The Essential Mad Scientist Reading List

It’s been a while, but now that the holiday frenzy has subsided, it’s time to put my nose to the keyboard and work on the blog once again. I’ve been both gratified and overwhelmed by the positive response to the book, They Called Me Mad: Genius, Madness and the Scientists Who Pushed the Outer Limits of Knowledge.

People seem to enjoy reading it nearly as much as I enjoyed writing it.

 One of the criticisms that I’ve gotten about it, however, is that the book doesn’t include a suggested reading list. I must apologize. It was clearly an oversight. One of the great joys I had researching the book was reading so many wonderful books about the scientists who contributed to the legend of the mad scientists. I never intended my book to be the final word on the topic, merely as a starting point for readers who wished to learn more about the dynamic world of science and the fascinating, passionate, and should we say, unique, individuals, who pursue it.

 To remedy the situation, I’d like to recommend a sampling of the books I used in my research:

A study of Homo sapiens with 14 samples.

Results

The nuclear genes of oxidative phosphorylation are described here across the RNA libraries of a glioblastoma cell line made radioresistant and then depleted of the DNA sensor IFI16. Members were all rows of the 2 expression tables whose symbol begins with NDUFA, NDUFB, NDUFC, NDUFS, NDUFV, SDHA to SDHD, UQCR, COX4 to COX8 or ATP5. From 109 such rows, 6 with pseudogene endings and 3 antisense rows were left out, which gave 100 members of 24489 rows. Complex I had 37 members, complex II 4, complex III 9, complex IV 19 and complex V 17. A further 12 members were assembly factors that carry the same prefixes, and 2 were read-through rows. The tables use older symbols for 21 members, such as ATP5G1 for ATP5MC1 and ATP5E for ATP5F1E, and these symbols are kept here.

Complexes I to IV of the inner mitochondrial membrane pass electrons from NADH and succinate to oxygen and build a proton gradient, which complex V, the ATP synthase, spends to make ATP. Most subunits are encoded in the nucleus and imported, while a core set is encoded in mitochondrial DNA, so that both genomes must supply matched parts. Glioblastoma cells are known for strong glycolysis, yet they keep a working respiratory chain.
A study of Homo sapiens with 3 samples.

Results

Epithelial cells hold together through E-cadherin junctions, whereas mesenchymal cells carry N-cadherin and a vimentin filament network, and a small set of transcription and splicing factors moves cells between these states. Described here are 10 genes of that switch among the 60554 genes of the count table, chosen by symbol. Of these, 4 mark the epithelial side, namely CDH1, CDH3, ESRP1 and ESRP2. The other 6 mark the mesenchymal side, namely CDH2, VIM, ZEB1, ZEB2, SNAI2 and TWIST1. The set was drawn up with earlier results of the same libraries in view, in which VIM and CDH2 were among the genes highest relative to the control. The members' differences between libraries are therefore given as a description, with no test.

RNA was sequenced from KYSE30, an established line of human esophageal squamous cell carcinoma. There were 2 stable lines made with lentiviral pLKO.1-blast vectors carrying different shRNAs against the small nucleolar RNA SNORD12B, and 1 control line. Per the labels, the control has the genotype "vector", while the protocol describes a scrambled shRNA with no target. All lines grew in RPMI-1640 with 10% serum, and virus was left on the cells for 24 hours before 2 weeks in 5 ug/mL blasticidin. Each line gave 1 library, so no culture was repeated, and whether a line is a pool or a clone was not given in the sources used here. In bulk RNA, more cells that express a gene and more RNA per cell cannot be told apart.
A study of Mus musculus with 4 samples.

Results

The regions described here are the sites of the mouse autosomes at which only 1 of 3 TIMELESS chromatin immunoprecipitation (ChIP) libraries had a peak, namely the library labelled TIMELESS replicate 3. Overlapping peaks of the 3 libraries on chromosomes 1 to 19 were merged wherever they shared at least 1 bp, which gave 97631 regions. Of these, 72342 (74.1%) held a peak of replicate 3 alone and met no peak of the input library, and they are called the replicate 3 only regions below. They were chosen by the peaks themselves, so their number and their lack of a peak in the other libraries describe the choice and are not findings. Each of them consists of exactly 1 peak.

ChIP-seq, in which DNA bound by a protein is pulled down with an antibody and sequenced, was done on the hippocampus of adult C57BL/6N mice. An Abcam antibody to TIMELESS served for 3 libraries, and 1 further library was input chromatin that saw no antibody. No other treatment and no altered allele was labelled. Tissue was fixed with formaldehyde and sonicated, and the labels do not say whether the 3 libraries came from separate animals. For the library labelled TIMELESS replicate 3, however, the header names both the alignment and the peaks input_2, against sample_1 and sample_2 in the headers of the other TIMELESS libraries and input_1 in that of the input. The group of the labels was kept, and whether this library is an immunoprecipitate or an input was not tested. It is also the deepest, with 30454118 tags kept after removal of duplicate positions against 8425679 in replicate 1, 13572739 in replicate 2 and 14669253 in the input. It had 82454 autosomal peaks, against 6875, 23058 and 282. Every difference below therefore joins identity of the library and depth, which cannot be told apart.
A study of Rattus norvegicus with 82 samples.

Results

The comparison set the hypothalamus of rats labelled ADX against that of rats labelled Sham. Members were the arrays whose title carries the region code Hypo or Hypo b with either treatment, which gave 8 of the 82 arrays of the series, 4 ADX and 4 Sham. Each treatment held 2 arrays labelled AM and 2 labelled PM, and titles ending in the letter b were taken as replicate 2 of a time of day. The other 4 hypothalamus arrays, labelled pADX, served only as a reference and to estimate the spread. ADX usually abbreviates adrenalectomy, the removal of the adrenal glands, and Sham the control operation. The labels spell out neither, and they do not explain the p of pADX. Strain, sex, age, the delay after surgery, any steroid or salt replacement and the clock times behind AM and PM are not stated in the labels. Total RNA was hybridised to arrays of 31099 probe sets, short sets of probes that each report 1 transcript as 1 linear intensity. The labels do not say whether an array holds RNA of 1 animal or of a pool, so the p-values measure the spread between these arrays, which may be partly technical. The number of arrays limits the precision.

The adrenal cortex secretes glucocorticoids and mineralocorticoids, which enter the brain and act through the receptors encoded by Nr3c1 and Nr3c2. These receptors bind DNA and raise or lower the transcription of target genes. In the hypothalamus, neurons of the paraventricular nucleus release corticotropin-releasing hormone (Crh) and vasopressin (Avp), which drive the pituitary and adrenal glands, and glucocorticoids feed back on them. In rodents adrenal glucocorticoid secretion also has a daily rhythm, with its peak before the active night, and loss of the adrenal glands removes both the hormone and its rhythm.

1)      Alexandria: City of the Western Mind by Theodore Vrettos

2)      American Prometheus: The Triumph and Tragedy of J. Robert Oppenheimer by Kai Bird and Martin J. Sherwin

3)      The Devil’s Doctor: Paracelsus and the World of Renaissance Magic and Science by Philip Ball

4)      Dignifying Science: Stories About Women Scientists by Jim Ottaviani et al

5)      Dr. Space: The Life of Wernher von Braun by Bob Ward

6)      Einstein: His Life and Universe by Walter Isaacson

7)      The Invention of Air: A Story of Science, Faith, Revolution, and the Birth of America by Steven Johnson

8)      The Knife Man: Blood, Body Snatching, and the Birth of Modern Surgery by Wendy Moore

9)      Obsessive Genius: The Inner World of Marie Curie by Barbara Goldsmith

10)   Wizard: The Life and Times of Nikola Tesla by Marc J. Seifer

 This isn’t meant to be an all inclusive list. Think of it as an intriguing appetizer, something to whet your appetite for science.